Gourds are known to be versatile plants in the sense that they have a lot of uses apart from being food. Dating back to the early times, people discovered their functions as implements in houses and in farms and through time they gradually evolved as decorations and ornaments.
Making ornaments out of gourds is a fun activity. However it entails quite a work because you have to make sure the fruits have been properly dried, which takes a long process.
If you want to dry or cure ornamental gourds, categorize first the fruits available for use. There are actually two types, based on the hardness and softness of the skin. Gourds with soft skin called cucurbita usually come in orange, gold and green colors and in strange shapes. On the other hand, gourds with hard skin called lagenaria are initially green in color and later become brown as they age.
Of the two types of gourds, the latter (lagenaria) is the most ideal to use as decorations because they can endure the tedious process of drying while still preserving their natural color. Their shells also amazingly remain intact even after undergoing several stages of drying and curing.
When curing or drying ornamental gourds, take note of the following steps:
- Pick the mature fruits because they have harder shells and are more durable.
- Use only the healthy fruits. Decayed or infested gourds will break easily.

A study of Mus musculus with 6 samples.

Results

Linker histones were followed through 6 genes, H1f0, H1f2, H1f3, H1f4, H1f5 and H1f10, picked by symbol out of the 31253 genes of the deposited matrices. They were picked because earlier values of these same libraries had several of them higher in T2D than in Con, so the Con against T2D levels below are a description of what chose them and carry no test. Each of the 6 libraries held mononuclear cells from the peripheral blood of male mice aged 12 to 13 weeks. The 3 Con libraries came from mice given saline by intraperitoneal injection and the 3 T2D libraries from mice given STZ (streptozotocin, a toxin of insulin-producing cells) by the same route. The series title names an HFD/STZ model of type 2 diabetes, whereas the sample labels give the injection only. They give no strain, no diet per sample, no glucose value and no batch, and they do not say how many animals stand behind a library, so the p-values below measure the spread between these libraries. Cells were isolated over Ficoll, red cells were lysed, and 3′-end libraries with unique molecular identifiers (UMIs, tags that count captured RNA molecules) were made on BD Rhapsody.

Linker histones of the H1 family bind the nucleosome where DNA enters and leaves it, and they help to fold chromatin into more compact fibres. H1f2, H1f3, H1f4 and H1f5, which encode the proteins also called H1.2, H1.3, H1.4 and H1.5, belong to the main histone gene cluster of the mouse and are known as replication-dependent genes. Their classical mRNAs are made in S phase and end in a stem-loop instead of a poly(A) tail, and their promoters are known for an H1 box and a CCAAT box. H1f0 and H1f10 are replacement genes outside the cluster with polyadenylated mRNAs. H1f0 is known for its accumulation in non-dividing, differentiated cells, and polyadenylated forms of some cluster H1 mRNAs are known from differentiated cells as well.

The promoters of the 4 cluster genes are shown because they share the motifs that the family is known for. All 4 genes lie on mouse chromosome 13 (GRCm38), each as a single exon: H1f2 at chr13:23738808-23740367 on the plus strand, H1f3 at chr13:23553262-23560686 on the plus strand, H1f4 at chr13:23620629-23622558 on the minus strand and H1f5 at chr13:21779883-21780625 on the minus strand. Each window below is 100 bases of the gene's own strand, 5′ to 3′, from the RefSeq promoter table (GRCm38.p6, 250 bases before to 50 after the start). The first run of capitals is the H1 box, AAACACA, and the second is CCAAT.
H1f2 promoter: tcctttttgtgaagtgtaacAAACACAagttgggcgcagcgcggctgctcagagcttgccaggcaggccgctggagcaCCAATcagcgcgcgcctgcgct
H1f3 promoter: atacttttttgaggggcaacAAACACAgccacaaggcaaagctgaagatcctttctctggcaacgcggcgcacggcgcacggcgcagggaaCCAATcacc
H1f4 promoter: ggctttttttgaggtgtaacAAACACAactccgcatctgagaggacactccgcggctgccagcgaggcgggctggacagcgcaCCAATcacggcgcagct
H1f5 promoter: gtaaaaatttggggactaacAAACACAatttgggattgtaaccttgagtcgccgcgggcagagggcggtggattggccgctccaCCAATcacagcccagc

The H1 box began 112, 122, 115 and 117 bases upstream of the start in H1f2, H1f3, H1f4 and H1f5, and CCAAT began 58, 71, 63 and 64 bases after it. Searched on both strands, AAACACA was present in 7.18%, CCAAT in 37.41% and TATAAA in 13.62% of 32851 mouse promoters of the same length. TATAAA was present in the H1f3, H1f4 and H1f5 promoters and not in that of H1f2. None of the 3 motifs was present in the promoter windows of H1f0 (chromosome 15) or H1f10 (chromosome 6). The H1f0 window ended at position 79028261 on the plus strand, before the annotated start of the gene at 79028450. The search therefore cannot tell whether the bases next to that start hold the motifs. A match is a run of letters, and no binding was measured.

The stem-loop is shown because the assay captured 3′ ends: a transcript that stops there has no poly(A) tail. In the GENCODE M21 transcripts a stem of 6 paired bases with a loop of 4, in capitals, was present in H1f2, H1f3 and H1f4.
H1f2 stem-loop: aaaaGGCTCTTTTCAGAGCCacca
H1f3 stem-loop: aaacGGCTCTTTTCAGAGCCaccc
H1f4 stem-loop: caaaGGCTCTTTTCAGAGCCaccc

- Soap and scrub the skin then dry completely by wiping with cloth.
- Let stand in an airy place for about seven days, but be careful not to place them near the window where the sunlight hits directly, lest the sun's heat might cause damage to their shells.
- Next, lay the gourds in one pile making sure they are at safe distance from each other to ensure enough ventilation. Hanging them is also a good option because you can be sure of uniform airing without the hassle of turning the fruits every now and then.
- As days pass, start the process of elimination. Get rid of fruits that are starting to rot.
- Regularly turn the fruits to make sure they dry well on all sides.
It normally takes many weeks for the gourds to dry and harden completely. It depends on the quality of the fruits, whether mature or otherwise. The best clue that they are ready is by lightly tapping the shells. If they are hard and you hear a hollow sound inside, that means they are good. You can also shake the fruits to listen if the seeds will give a rattling sound, an indication that they are, indeed, completely dried up.
When you are convinced that your gourds are absolutely dry and hard, it's time now for fun. Get your carving tools and start sculpting. You may want to take out the seeds first and polish the interior as well as the exterior parts. You may also paint and decorate them whichever way you want.